Adrian Murrell has relaunched a project called ‘The Black Experience’ and last night brought together representatives of major Preston groups to discuss racism.
The project is an opportunity for the police and members of the black community in Preston to sit down together to have an open and honest discussion about racism in our community with the goal of having a better understanding of each other and to bring everyone closer.
Adrian explains how ‘The Black Experience’ will work and what the intentions are:
“We are going to deliver it with the police and black communities so we can sit down together and have a conversation. What’s happening in America with Black Lives Matter, we don’t want that to happen over here. Before it gets like that, we are going to have a conversation about how we can all work together to improve relationships between the two,
“After that, we will open it up to other minority groups and the wider groups to come down on the course to sit down and talk. We talk about our differences all the time, why don’t we talk about our similarities? we can rebuild the damage that has been done in the last few weeks.”
Local councillors Freddie Bailey, Matthew Brown and Jonathan Greisdale were in attendance, along with representatives from Preston Police and Preston North End.
Freddie Bailey, Cabinet Member for Community Wealth Building for Preston City Council,
“It’s about including everyone in the economic development of Preston, we want to grow as a community. I think a lot of people need educating about Black Lives Matter,
“Preston has been a relatively tolerant place but we do need every member of the community to grow with the economic success, we need to use this to build back better.”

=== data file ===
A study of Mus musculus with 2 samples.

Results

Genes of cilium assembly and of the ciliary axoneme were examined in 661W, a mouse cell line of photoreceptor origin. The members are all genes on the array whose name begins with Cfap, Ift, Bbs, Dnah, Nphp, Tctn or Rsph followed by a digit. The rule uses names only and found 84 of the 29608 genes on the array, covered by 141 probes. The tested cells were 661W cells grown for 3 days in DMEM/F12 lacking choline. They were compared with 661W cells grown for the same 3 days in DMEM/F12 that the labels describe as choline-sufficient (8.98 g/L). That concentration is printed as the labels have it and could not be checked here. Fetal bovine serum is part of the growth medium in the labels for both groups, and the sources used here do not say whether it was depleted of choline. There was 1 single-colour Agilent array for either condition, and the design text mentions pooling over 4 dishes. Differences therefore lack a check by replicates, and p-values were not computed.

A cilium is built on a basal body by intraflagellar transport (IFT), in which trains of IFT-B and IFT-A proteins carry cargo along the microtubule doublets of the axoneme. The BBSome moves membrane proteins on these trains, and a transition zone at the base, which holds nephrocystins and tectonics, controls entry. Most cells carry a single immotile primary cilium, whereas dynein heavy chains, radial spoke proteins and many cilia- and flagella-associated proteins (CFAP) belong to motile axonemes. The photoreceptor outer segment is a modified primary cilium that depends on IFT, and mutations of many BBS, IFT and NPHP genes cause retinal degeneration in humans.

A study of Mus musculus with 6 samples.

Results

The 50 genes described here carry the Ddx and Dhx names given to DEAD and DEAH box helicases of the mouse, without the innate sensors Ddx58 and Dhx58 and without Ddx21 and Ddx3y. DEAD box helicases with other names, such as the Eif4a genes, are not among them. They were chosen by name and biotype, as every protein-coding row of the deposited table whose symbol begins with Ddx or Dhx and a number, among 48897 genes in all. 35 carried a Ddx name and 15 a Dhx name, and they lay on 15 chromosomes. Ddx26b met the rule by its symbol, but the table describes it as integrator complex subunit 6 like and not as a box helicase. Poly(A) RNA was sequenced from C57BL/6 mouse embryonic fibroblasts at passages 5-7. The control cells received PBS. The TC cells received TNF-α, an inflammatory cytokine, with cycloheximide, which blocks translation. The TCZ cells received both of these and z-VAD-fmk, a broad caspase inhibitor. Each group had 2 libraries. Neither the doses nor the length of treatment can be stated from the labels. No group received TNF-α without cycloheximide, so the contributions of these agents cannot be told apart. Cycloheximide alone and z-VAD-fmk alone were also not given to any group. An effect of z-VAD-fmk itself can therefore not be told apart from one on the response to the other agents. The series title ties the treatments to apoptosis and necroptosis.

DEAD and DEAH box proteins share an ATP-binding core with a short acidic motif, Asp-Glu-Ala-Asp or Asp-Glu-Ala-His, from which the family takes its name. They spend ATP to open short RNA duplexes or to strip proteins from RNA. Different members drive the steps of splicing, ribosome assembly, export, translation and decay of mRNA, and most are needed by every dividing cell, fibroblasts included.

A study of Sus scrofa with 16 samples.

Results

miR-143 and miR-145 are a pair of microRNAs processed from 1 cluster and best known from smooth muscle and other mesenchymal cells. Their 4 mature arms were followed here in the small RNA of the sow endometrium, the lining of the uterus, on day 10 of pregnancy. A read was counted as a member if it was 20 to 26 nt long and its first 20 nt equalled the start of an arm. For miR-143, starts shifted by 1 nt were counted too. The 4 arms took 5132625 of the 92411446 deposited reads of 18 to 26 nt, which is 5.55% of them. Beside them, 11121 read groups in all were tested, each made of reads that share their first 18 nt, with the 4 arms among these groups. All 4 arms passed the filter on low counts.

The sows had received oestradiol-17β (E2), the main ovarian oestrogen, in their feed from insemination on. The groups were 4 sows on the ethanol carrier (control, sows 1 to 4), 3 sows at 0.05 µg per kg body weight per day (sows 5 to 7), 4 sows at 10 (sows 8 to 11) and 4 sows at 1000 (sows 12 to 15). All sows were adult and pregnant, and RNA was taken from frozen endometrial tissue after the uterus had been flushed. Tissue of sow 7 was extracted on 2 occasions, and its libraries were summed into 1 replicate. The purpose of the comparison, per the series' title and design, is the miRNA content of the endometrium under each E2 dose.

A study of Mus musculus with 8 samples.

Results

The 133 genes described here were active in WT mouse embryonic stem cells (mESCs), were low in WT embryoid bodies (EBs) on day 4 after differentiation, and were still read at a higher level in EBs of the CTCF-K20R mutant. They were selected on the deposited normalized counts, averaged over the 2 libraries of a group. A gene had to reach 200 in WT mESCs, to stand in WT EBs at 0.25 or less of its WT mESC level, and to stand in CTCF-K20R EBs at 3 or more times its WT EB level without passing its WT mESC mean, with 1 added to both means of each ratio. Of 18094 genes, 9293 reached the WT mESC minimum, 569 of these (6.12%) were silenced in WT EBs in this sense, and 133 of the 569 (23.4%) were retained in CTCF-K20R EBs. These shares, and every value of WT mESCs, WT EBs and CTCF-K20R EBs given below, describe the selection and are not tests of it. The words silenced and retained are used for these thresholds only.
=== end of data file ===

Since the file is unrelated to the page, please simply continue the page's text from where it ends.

Attendee, Isa Cole, shared his opinion on what the goal of The Black Experience is:
“Now that the general public has caught up to what is actually happening to Black communities across the world, we have to ensure people understand that today’s racism is just the latest manifestation of century’s old oppression against Black people,
“Previously it was slavery, eugenics, apartheid, colonialism, now it is poor housing, education, employment, access to services and poverty in old age, alongside disproportionate experiences in the judicial process and the police brutality which has so focused everybody.
“It gives people an opportunity to view history from a different perspective; a Black perspective. Once people have had an opportunity to walk in another’s shoes, their experience, knowledge and empathy take over their instinctive assumption that everyone is equal.”
Attendee, Michael Skerritt, explains how important he thinks this project is and what can be achieved:
“The aim of the project is for us here in our community to make an effort to form better relationships with the Police and other communities within our area. The Police also wish to diversify their workforce so that it better represents the area they work from,
“The last thing we want is to have what’s happening on a regular basis in America to happen over here. It is not divisive or excluding, but focuses very much on our experiences in our lives. A small step and the willingness to listen, learn and adapt will affect massive change.”